People are sharing surveillance pictures and videos of suspects trying to burglarize vehicles in the Treasure Hills neighborhood of Harlingen have some residents distressed.
Patricia Schaeck’s husband posted screenshots of footage caught on their surveillance cameras to their neighborhood app to let others be aware of the situation, only to find out that they weren’t the only victims of attempted burglary.
“Well, other people have said, ‘looks like the guy that was just at my house,’” said Schaeck.
For residents like Guy Timm, he said it happened to him twice in two weeks, with one on February 4 and the other Monday morning, but this time the suspect was doing something different.
“What was disturbing is he actually had a flashlight looking in the back seats and front seats looking for stuff,” said Timm. “So, I worry whether now maybe he’ll start escalating it and breaking in actually if he sees something worth value.”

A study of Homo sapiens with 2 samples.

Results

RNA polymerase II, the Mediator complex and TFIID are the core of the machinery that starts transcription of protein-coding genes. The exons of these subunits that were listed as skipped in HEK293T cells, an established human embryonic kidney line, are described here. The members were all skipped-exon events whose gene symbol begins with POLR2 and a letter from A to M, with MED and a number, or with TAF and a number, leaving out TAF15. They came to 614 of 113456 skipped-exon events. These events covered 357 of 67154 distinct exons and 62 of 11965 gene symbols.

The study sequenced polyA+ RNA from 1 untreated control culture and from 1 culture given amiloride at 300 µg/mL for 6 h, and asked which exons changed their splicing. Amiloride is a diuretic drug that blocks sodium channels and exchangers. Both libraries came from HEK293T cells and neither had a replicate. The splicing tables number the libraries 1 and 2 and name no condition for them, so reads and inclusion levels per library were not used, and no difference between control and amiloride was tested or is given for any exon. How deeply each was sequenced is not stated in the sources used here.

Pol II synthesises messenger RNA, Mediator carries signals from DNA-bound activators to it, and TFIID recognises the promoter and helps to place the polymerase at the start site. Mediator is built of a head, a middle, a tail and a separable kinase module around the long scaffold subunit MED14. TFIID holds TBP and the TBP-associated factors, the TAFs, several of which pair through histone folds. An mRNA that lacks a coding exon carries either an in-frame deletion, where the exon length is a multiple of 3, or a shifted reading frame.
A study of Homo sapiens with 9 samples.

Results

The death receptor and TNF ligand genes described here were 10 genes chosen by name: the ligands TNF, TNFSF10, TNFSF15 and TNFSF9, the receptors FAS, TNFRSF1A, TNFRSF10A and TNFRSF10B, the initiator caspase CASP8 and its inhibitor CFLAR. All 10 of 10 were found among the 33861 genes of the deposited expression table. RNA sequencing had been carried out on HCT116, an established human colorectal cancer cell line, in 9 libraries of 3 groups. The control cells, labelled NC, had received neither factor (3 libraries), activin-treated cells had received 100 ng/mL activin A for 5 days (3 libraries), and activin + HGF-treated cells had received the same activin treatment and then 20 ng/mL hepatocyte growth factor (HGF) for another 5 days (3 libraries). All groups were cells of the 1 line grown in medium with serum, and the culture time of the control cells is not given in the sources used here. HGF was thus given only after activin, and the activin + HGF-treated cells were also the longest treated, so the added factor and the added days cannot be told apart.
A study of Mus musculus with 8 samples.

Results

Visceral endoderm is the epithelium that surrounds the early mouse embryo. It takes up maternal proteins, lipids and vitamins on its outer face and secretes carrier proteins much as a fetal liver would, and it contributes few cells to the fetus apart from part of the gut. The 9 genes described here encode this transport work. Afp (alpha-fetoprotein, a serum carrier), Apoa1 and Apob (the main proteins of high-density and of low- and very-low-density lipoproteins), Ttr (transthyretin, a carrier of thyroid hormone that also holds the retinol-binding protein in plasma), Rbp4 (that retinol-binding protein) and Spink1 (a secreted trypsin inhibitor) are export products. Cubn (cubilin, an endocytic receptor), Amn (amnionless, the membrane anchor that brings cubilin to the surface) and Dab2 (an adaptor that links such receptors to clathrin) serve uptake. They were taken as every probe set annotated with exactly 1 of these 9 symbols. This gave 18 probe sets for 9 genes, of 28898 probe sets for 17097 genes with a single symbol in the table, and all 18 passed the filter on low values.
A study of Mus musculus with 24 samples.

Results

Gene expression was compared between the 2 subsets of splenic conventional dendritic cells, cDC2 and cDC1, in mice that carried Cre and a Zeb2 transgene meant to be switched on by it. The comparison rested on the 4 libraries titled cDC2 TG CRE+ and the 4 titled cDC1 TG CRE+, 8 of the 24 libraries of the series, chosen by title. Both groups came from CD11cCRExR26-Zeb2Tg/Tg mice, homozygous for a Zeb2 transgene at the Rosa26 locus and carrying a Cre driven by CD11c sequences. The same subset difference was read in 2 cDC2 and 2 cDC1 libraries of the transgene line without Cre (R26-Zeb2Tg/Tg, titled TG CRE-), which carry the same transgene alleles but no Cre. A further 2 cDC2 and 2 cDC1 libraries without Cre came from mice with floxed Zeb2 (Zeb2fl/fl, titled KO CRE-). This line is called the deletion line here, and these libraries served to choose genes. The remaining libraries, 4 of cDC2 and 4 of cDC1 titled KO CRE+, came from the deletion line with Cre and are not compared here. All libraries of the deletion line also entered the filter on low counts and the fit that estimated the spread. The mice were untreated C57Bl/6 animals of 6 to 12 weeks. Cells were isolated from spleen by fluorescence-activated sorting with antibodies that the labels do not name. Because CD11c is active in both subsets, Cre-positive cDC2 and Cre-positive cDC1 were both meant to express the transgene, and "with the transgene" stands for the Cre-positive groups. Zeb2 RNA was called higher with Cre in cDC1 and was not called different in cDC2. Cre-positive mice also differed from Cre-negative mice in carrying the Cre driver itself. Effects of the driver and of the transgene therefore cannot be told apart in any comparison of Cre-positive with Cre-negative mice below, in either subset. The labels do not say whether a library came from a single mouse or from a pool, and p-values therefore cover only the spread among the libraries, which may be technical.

Timm says he called police in both incidents, which is an initiative that Commander David Osborne of the Harlingen Police Department’s Criminal Investigations Division urges people to do instead of posting it on social media first.
“If it’s a video that they have of the incident occurring, let us try to get that video that night if possible,” said Osborne. “It really does make a difference when we have our officers out there that night looking for that vehicle or that suspect or what were they wearing.”
Osborne said that if someone is trying to get in your vehicle but doesn’t get in, it can still be considered as possible attempted burglary of a motor vehicle.
In addition, people are also encouraged to lock your doors and avoid leaving any valuables in cars.